When people talk of excess in horror, it is almost invariably about gore and violence. The 2000’s brought splatterpunk to the screen with the Saw franchise, Eli Roth’s Hostel movies, and a string of really bad Texas Chainsaw Massacre movies. Without a doubt, the use of excess torture and violence in movies to repulse the viewers is the absolute lowest form of horror. It is a far cry from the suspense and dread that was mastered by Alfred Hitchcock.
Much has been said on the subject, so I want to talk briefly on a different kind of excess seen in recent horror television. This is excess of the unfamiliar. When I speak of the unfamiliar, I am speaking mostly of the supernatural — things that are unfamiliar to our natural world. It can be in the form of supernatural creatures, milieu, or in the laws of nature.
One example of a good use of the unfamiliar is in AMC’s The Walking Dead. Building off of the successful comic book, The Walking Dead is a post-apocalyptic drama taking place after the world has suffered a zombie pandemic. The show focuses on diverse humans survivors (?) as they struggle against a zombie-dominated landscape. The infestation has caused society to collapse, leaving the remaining humans without power or a form of commerce. Aside from these setbacks, the world is largely familiar. The zombies form a part of the backdrop, rarely having any form of identity. The humans, on the other hand, have strong character arcs and they form the central theme of the show. There are no added twists of dragons emerging from faraway lands or the humans having supernatural powers.
Another television show I completed recently was the second season of American Horror Story. This show largely takes place in Briarcliff Mental Institution in Massachusetts. A journalist named Lana Winters goes to investigate the institution and when she uncovers some suspicious activity, she finds herself being committed as a patient. A fellow patient, Kit Walker, is falsely accused of being a serial killer. There are other characters who play a vital role in the plot including a disciplinarian named Sister Jude, a psychiatrist who takes a special interest in Lana and Kit, and a mad scientist who does medical experiments on patients. This season of American Horror Story is fascinating aside from one element — aliens. We are first given clues of aliens in the first episode and the subject is mostly dropped for the rest of the show until the end. Aliens are the unfamiliar excess and are not central to the plot development. What could have been a stellar season was tainted by the almost humorous addition of extra-terrestrials.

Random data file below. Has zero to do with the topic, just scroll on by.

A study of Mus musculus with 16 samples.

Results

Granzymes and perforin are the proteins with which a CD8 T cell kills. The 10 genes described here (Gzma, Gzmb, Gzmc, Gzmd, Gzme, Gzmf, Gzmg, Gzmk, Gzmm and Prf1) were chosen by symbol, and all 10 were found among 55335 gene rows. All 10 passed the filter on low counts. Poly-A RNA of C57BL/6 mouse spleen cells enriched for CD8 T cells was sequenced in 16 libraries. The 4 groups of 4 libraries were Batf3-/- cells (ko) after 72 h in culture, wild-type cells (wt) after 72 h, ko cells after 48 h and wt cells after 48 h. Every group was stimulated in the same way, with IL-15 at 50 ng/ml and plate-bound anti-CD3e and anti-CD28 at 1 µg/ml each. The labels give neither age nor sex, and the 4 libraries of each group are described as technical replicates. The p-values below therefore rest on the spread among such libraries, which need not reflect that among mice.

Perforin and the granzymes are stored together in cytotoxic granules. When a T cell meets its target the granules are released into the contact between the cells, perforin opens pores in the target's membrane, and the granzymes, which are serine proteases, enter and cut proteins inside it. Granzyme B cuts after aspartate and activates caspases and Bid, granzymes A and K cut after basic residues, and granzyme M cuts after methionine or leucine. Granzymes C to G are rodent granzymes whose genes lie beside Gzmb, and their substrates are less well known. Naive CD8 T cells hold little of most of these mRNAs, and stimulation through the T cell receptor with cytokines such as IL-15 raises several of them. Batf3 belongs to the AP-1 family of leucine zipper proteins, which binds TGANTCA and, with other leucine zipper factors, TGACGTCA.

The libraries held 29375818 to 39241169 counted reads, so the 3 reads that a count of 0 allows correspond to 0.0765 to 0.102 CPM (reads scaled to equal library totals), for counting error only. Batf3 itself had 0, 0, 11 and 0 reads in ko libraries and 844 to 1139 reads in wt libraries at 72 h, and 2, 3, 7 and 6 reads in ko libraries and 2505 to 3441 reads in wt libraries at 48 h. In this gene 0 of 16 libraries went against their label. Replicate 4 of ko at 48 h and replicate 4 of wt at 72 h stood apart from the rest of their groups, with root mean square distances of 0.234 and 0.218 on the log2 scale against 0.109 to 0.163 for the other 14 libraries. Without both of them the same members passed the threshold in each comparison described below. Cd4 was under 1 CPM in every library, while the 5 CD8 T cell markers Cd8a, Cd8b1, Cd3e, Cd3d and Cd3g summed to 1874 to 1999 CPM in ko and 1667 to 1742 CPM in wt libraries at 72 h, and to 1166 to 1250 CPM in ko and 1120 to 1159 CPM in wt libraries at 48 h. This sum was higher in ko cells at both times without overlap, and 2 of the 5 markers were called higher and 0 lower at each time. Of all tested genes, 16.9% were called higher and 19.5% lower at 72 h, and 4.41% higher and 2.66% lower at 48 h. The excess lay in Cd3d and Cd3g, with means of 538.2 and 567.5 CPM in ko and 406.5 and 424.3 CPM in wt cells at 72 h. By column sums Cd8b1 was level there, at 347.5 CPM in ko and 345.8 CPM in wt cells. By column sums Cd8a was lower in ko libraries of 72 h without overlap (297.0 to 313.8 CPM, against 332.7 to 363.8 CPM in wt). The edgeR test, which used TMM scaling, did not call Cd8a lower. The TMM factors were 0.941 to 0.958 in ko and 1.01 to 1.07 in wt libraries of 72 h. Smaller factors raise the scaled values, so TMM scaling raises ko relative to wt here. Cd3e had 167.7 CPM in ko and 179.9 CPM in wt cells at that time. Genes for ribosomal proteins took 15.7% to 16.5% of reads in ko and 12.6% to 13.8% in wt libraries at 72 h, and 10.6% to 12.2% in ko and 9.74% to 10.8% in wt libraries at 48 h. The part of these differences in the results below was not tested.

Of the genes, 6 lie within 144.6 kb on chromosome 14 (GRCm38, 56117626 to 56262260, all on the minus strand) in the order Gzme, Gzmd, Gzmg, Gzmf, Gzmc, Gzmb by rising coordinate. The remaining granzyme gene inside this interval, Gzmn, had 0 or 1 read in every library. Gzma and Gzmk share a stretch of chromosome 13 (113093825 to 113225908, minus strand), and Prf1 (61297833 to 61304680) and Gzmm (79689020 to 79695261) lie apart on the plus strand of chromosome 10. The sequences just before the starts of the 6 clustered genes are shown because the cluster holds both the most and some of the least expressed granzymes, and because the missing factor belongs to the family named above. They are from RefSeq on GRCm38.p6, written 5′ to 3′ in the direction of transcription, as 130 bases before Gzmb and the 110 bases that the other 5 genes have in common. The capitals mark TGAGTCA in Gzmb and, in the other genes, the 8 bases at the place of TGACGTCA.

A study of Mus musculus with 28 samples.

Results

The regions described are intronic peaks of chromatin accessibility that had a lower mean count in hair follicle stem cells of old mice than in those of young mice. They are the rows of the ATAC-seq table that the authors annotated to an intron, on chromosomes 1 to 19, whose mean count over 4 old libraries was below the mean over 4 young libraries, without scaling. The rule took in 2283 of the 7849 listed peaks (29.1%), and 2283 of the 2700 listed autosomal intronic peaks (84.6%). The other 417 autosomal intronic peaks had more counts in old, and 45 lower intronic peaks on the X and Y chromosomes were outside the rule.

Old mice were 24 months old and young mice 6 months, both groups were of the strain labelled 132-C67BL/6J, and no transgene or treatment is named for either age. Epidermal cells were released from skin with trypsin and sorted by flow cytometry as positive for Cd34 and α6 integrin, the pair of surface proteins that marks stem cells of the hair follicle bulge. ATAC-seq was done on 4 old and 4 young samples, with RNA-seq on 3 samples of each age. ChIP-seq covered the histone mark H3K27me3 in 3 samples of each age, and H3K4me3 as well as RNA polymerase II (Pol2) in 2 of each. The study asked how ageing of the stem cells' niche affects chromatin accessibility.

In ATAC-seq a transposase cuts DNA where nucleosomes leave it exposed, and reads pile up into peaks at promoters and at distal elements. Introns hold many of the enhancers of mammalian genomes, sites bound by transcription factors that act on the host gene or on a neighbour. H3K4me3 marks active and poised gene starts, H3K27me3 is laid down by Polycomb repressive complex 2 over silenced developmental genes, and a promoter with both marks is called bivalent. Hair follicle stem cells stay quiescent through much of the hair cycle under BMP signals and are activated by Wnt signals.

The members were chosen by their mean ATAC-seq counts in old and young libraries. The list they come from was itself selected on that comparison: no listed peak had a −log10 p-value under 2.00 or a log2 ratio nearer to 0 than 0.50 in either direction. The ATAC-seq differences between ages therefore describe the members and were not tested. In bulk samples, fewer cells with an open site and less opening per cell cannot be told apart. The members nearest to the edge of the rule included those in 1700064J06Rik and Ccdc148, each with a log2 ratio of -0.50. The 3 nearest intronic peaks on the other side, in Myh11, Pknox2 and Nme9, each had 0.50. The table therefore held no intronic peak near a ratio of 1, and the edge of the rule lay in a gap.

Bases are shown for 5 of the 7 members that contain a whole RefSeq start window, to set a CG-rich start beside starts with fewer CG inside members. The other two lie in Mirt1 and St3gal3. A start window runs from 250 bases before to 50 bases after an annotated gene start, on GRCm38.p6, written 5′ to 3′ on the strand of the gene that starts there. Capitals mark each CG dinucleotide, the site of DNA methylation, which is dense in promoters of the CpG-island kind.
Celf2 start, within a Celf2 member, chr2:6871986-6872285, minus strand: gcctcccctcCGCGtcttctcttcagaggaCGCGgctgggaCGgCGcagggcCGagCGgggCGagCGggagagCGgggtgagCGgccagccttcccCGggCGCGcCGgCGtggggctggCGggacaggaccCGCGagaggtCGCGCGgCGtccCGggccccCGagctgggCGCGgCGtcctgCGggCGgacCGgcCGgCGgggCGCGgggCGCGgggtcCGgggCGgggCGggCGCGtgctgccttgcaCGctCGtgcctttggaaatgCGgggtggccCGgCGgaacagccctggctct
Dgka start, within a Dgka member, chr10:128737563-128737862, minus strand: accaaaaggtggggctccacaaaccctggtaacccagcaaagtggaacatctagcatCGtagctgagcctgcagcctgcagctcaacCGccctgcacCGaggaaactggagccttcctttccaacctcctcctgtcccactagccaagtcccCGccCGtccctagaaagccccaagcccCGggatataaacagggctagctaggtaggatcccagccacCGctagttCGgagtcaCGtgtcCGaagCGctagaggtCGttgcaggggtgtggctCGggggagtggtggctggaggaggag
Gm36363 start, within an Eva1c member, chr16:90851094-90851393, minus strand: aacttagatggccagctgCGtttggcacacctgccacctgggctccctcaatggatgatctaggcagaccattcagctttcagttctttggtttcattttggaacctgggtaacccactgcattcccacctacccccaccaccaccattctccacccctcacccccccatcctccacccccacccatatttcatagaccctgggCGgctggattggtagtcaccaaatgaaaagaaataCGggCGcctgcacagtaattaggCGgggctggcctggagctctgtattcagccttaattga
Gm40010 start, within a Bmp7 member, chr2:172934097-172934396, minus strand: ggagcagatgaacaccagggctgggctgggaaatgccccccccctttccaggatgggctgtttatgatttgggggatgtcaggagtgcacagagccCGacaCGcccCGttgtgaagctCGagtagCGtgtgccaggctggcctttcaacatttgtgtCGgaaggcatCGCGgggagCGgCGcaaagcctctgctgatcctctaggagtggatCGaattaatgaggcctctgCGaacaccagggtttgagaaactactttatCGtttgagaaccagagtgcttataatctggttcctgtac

The third I will mention is a Netflix original series called Hemlock Grove. This is the show that inspired me to write this post, filled with unfamiliar excess purely for the novelty of it. The basic story is that in the small town of Hemlock Grove, there have been a series of violent murders that many believe were committed by a werewolf. Wealthy socialite, Roman Godfrey, teams up with an outcast gypsy, Peter Rumancek to find and kill the perpetrator. The only thing is that Peter is a werewolf, but is he the killer?
The premise of the story is intriguing enough, but the story is completely ruined by unnecessary additions of the unfamiliar. Roman’s sister is a giant and has one extremely large eye that she hides beneath her wig. Her name is Shelley, clearly paying tribute to Mary Shelley’s Frankenstein. Roman’s cousin has become impregnated by an angel, Peter’s cousin practices witchcraft, and the Godfreys own a large skyscraper in rural Hemlock Grove where a mad scientist works on projects like a modern day Dr. Frankenstein. The multiple extensions of the unfamiliar take the story unnecessarily away from the central theme and the show’s conclusion only adds more ridiculous speculative elements to the mix.
HBO’s True Blood (a show I lost interest in after the second season) mixes the frequently combined vampire, werewolf, and faerie mythos. Even humans, like the central character, Sookie Stackhouse, have special abilities like mind-reading. I didn’t find the excess in this show to be too distracting, saved in part by its adherence to a set of rules that were common to the tropes.
My comments about the excesses of the unfamiliar are not a criticism as much as they are an observation. I enjoy authors such as China Mieville who take the reader far away from our familiar world, but I believe the story must have a system of rules that gives the reader a set of expectations. Hemlock Grove stumbled miserably away from what seemed to be a normal world into a place where I question if anyone is human. Hmm… Maybe the show was more like the real world after all.